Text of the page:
Assessing water consumption in real time

Assessing water consumption in real time

Horticulture
Curtin University Researchers overlooking a dam at The Wine and Truffle Co, Manjimup, discussing the project.

Curtin University Researchers overlooking a dam at The Wine and Truffle Co, Manjimup, discussing the project.



The Food Agility CRC project is taking place in Manjimup and is being led by Curtin University in collaboration with the WA Government, Southern Forest Food Council, local farmers and technology companies.

The three-year project is targeting avocado, apple, wine grape, stone fruit, vegetable and truffle farms, which make up about 90 per cent of horticultural production in the Warren-Donnelly catchment.

Curtin University Centre for Crop and Disease Management director Mark Gibberd said the project would clearly demonstrate the potential economic returns to farmers of improved irrigation efficiency.

"We see the assessment of return on investment and agribusiness risk as being a really important research and development frontier for all of our ag industries," professor Gibberd said.

"Looking at return on investment on inputs like water for irrigated horticulture is a really important part of that.

"To be able to break it down across different commodities across the region in order to understand the economic significance for an individual farm and to the region itself, is a critical step to take."

As part of the project, digital water flow meters and soil moisture probes will be installed on multiple blocks of each produce type, measuring how much water is being used in real time.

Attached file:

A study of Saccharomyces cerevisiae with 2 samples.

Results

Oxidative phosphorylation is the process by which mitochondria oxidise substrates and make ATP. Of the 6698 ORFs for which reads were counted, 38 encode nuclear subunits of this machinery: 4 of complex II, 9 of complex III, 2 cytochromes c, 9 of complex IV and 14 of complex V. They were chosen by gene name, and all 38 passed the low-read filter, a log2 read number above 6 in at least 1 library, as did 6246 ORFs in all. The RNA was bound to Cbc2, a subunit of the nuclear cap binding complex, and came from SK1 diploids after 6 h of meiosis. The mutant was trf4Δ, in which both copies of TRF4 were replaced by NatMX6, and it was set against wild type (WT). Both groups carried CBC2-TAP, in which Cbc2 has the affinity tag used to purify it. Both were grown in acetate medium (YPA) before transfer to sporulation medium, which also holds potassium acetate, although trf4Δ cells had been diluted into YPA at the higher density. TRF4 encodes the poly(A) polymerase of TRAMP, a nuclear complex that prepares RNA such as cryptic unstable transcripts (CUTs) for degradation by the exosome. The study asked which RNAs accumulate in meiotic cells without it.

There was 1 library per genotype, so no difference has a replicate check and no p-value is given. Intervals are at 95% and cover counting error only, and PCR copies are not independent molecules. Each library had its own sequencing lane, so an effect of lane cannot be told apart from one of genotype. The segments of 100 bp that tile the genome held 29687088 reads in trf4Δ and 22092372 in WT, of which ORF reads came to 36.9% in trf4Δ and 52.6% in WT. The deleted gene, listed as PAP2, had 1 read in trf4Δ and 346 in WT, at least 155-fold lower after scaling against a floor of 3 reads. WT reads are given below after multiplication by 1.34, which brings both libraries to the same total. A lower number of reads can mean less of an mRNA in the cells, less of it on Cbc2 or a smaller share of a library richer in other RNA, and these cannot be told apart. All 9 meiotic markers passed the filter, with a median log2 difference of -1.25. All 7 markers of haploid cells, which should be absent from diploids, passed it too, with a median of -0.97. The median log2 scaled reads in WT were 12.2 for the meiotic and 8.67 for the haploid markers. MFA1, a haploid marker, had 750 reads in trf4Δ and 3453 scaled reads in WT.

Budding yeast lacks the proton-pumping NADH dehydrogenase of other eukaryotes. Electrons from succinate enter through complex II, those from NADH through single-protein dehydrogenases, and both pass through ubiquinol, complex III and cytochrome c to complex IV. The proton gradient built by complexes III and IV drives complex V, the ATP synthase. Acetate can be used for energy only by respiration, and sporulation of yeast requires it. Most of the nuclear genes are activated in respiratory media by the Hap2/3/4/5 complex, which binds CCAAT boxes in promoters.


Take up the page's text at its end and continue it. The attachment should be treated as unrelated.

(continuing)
The farmers involved will be able to see, via an online dashboard, their daily water use and soil moisture, as well as be able to compare their irrigation with cumulative evaporation over the season and see data on recent and forecasted rainfall.

Professor Gibberd said the Manjimup area was very reliant on surface water runoff to fill small dams for individual farmers to irrigate their crops.

"Historically we have seen significant changes in rainfall patterns and heading into the future we expect to become more and more water limited," he said.

"As that happens we expect the water demand for crops will increase.

"Crops which currently receive small amounts of supplementary irrigation may need more in the future so we expect pressure on the system."

At the end of the season, the water productivity for each commodity type (profit per mega litre), will be calculated and farmers will be able to see their water data and how their block performed compared with other de-identified farmers in their group.

After two seasons, the team will aggregate the data to create a regional model of water use for agriculture and its flow-on economic benefits, for example to local businesses, health and education.

Food Agility CRC chief executive officer Mike Briers hopes the Manjimup trial will become an example of efficient, data-driven water management for other agricultural regions.

"We want to show how the value of water flows through farms into local communities, supporting the businesses and services that make up life in a regional town," Dr Briers said.

The data collected from the project will help farmers make short and long-term decisions about farm management.

It will benefit not only the Warren-Donnelly catchment but will also be a pilot for other horticultural production communities.